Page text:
The global coronavirus pandemic has forced innumerable changes to why we work, when we work, how we work and where we work. When businesses in every industry were forced to change the way they operated, the roles of employees within those organizations were forced to change as well. One of the roles that has seen the most evolution over the past three years is the role of the Chief People Officer or CPO.

As the name suggests, the CPO (also called the Chief Human Resources Officer or CHRO) is a C-level executive position whose main focus has traditionally been to create and oversee an organization’s talent acquisition, talent management and talent retention strategies. These strategies shape the way companies hire, fire, recruit, develop, organize, pay, supervise and evaluate employees.

Now that the dust is starting to settle after the upheaval of the pandemic, we’re seeing that CPOs are being tasked with taking on newer, different and/or expanded responsibilities. In addition to their primary job requirements, CPOs are now being asked to function as Chief Wellness Officers, Chief Diversity Officers, Chief Work Model Officers and Chief Motivation Officers.

In this article, we’ll look at these evolving roles and why they’re not only crucial to an organization’s overall talent management strategies, but why they’re also necessary for the health and profitability of the organization overall.

Chief Wellness Officer

Last year, Gallup published an article that explored what they found to be the five elements of well-being that characterize a thriving life: Career, Social, Financial, Physical and Community. They found that those who only reported physical well-being missed 68% more work each year for health-related problems, were three times more likely to file for worker’s comp, were five times more likely to look for new jobs within the next year and were two times more likely to actually change jobs.

Prioritizing worker wellness in all five areas can help to substantially mitigate these costs. Pragmatically speaking, investing in employee wellness can produce measurable return on investment (ROI) in terms of reduced costs and increased profits, but it can also produce substantial value on investment (VOI), including benefits such as higher employee morale, higher employee job satisfaction and better employee engagement.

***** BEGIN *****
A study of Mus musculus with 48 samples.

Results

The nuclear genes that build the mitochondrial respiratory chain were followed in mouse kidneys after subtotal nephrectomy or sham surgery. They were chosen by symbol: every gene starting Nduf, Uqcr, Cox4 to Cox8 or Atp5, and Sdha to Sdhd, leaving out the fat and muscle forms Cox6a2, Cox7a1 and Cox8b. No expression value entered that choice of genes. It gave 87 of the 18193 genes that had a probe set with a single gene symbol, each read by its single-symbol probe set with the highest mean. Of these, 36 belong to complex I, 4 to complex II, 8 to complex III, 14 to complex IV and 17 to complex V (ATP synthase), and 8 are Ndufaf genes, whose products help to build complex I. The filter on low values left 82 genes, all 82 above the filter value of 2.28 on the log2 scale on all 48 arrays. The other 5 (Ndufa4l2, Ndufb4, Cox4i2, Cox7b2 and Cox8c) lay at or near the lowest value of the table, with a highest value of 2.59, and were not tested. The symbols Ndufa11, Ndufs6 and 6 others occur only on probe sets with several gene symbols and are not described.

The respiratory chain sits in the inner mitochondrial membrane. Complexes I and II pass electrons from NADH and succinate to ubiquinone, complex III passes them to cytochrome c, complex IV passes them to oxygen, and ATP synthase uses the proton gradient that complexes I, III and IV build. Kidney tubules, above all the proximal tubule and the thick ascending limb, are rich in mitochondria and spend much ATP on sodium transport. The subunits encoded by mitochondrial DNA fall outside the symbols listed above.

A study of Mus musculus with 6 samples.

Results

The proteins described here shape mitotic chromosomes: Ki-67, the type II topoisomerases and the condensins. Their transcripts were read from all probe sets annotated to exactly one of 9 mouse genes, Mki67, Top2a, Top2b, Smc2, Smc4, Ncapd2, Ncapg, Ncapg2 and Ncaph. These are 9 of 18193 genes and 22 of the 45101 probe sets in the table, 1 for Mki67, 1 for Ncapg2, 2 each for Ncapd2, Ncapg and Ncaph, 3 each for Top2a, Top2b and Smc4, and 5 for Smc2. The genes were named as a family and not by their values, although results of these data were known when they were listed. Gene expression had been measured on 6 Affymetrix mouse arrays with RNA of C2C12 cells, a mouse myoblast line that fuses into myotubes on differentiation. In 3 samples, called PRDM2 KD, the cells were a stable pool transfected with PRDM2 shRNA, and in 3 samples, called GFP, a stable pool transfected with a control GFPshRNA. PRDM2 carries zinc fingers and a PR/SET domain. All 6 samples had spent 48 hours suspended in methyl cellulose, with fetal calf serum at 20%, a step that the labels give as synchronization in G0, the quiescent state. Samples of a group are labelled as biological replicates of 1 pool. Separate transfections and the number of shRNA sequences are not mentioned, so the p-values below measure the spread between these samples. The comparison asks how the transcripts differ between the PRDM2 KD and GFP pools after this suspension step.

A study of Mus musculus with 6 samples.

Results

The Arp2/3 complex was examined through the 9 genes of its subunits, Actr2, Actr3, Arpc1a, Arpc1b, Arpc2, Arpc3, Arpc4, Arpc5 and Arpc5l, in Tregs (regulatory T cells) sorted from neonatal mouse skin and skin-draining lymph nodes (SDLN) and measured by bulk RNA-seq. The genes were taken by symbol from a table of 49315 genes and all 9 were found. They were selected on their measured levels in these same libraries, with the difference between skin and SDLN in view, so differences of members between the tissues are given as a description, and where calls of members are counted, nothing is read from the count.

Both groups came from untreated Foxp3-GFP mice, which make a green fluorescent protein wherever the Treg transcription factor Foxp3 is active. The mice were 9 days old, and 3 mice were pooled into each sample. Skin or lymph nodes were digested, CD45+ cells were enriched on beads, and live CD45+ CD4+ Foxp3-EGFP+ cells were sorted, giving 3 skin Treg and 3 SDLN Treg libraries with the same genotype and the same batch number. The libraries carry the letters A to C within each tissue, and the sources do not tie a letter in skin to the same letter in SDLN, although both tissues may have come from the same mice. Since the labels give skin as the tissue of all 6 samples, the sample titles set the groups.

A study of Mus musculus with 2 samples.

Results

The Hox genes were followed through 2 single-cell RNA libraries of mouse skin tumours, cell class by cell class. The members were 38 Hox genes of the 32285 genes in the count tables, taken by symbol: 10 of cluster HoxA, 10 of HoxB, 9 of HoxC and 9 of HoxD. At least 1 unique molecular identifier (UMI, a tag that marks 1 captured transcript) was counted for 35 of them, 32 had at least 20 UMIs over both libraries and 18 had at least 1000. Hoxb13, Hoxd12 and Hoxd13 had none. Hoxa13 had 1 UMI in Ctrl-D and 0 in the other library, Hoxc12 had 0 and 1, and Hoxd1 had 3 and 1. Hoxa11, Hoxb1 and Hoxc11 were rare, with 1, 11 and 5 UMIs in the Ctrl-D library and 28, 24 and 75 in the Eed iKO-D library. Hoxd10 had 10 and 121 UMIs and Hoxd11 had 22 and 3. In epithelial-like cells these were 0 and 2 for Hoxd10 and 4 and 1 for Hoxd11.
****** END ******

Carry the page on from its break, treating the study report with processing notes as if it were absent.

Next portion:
Chief Diversity Officer

As far back as 2015, McKinsey & Company penned a study that showed higher-than-average financial returns for companies who were the most racially and ethnically diverse. In addition to higher profits, those businesses who ranked in the top DEI quartile, also experienced an advantage in talent acquisition, increased employee satisfaction, better alignment with their customer base and improved corporate decision making and innovation.

Corporations that are identified as more diverse are 35 percent more likely to outperform their competitors according to recent diversity in the workplace statistics. Additionally, diverse companies are 70 percent more likely to capture new markets, and diverse teams are 87 percent better at making decisions. There is also research to suggest that inclusive organizations have an easier time attracting talent across all demographics.

Chief Work Model Officer 

The seismic shifts in how and where we work may prove to be the most enduring legacy of the coronavirus pandemic. According to a Future Forum Pulse survey, remote workers feel two times better about their work-life balance and 2.4 times better about their work-related stress. This is especially true for working mothers, people of color and other marginalized employees.

While the benefits to workers are well known, the benefits of flexible work models extend to employers as well. In an article about remote work on TheStreet, Dave Rietsema, Founder and CEO of, a leading Human Resources software company, estimates that, “Companies can save up to $11,000 per employee in terms of overhead costs if they switch to remote work.” Imagine the difference this could make for your company’s profit margins.

Chief Motivation Officer

In April of 2021, McKinsey & Company found that almost two thirds of employees in the U.S. said that the pandemic made them reflect on their purpose in life, and half of those workers said that the pandemic had caused them to rethink the kind of work that they did. Millennials were three times more likely than workers of other generations to report that they were reevaluating what they did for work.

If an employee doesn’t feel that their job is meaningful in some way, they will be disengaged and more likely to quit. A report by the Brookings Institution found that people who found purpose and meaningfulness in their jobs were more likely to seek out training that would improve their skills, more likely to delay their retirements, more likely to work harder at their jobs and less likely to call in sick.

The CPO Of The Future

In 2020, Willis Towers Watson did a study of over 500 executives. Almost all of the executives that were interviewed said that they believed that CPOs of the future will need different skill sets and experiences from what they currently possess. However, only 35% of executives thought that future CPOs were getting the training and development that they needed.

That’s where we come in.

If you’re a CPO, or you’re looking to hire a CPO, all of these changes can sound overwhelming, which is understandable. These new and changing roles far exceed the scope of the traditional roles of a CPO or CHRO. At Mythos Group, we’re a team of highly qualified independent consultants that understand the changing elements, functions and responsibilities of post-pandemic human capital management. Whether you need support for your CPO or you’re looking for a consultant to act as your CPO, we can help.